Different cultures have different drinking habits. Let’s take a closer look at those of Finnish people. According to statistics, an average Finn older than 15 years consumed 11.2 litres of pure, 100% alcohol in the year 2014 (National Institute of Health and Welfare). When this is compared to the subjective amount that people report having drunk, it seems that almost half of the drinks are poured down the drain… Another option is that people have an unrealistic perception on or feel guilty about their alcohol consumption. However, the effect that alcohol has on the body remains the same.
So, how does alcohol affect recovery? As a Wellness Specialist, I’ve met people with lifestyles and habits of all kinds. I’ve also had excellent discussions with them about their subjective experiences versus objective measurement data. It’s easy to name the one factor that blocks good recovery the most efficiently (alcohol). So far I’ve only met one person, a professional musician from the Finnish Lapland, whose recovery got better the more alcohol he drank. All others, who “in the name of science”, have had some drinks during their Lifestyle Assessment measurement, have learned that it significantly inhibits recovery.
Don’t get me wrong, I don’t want to forbid alcohol. When consumed in a responsible way, alcohol has some positive effects that cannot necessarily be analyzed from one’s physiological reactions. For example, alcohol can help one to relax or assist in social interactions. But if you wish to recover well, alcohol is not a good way to promote it. Alcohol might help one fall asleep, but there is no scientific proof that alcohol would have positive effects on the quality of sleep. So, is it ever, under any circumstances, recommended to have a drink to relax?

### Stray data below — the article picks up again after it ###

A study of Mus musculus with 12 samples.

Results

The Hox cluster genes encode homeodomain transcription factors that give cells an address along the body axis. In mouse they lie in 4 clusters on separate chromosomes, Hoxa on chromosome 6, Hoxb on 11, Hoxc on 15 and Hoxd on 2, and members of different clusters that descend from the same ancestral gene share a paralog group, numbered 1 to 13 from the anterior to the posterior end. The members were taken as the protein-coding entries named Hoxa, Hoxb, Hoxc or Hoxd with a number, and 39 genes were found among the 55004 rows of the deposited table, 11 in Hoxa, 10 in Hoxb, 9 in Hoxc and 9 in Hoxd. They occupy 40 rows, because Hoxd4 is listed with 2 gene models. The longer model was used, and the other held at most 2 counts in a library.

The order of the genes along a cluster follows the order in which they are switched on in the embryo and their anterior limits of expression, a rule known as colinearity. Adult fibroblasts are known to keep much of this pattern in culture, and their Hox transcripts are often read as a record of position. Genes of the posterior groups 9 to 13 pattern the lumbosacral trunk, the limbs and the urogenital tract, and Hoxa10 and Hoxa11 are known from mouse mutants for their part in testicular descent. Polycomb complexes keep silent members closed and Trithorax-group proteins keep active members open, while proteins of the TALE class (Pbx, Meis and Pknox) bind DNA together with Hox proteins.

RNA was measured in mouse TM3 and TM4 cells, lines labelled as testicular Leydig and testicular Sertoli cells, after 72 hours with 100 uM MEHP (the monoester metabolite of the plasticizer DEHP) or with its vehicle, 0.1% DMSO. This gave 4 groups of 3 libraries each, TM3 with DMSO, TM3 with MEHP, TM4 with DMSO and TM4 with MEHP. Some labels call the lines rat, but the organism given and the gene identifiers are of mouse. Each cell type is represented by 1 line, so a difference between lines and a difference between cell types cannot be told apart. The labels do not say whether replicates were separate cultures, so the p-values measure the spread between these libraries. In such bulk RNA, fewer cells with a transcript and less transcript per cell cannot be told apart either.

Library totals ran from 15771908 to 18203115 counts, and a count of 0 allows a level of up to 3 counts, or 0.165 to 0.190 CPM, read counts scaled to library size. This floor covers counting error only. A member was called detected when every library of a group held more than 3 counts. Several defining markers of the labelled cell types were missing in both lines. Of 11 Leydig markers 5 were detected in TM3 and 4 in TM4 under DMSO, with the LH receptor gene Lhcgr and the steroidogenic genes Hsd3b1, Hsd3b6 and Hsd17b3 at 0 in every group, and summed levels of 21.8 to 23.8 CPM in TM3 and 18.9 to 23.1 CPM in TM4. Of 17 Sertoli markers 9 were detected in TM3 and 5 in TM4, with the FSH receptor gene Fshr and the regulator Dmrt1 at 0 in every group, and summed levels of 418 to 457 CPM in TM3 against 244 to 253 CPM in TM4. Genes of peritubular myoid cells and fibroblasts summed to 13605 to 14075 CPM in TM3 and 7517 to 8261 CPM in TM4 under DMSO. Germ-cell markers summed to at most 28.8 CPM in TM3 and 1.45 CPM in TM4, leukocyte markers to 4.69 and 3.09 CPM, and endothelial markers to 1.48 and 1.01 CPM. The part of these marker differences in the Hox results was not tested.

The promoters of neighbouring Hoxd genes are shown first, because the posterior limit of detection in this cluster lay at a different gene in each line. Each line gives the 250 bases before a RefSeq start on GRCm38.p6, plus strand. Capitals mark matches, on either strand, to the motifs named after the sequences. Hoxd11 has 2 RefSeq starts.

Obviously, one’s tolerance for alcohol depends on physical size as well as gender; men can drink higher amounts of alcohol before it affects their recovery than women. One portion of alcohol has not been shown to have a remarkable positive or negative effect on the quality of sleep. Sometimes the one drink that you pour after a hard day might actually be the only moment of recovery in your busy day; you finally have time to sit down and relax for a bit. As long as you remember to stick to just one drink… If you decide that you need “more relaxation”, the correlation becomes very clear: the more you drink, the worse you recover. Alcohol weakens the quality of recovery during sleep and delays the beginning of good recovery after going to sleep. The graph below illustrates this trend.
Alcohol raises your heart rate and weakens your heart rate variability. These effects are the most obvious during the first few hours of sleep. Alcohol causes the deep sleep stage to get deeper, with a clear dose-response relationship. Unfortunately, alcohol also delays and shortens the periods of REM sleep, which is known to have a negative influence for example on memory functions, concentration and motor functions. When you drink 1g/kg of alcohol, it reduces the amount of recovery during the first three hours of sleep by 48%, as analysed in a Firstbeat Lifestyle Assessment. Similarly, it increases the amount of stress reactions by 54%.
Lifestyle Assessment participants are often surprised by the effects of alcohol on recovery and this causes a lot of discussion and reflection. I’ve been pleased to see hundreds of people set personal goals to cut the number of sauna beers (having a few beers after sauna is a very typical Finnish habit) to half, or to have no alcohol at all when they are in particular need of a good night’s sleep and good recovery.
In my opinion, absolutes don’t define a good, happy life; maybe a better goal is to find the golden medium and learn to draw the line in a better place, via self-discipline and good judgment. Let’s have some drinks to that … or actually, let’s just have the one!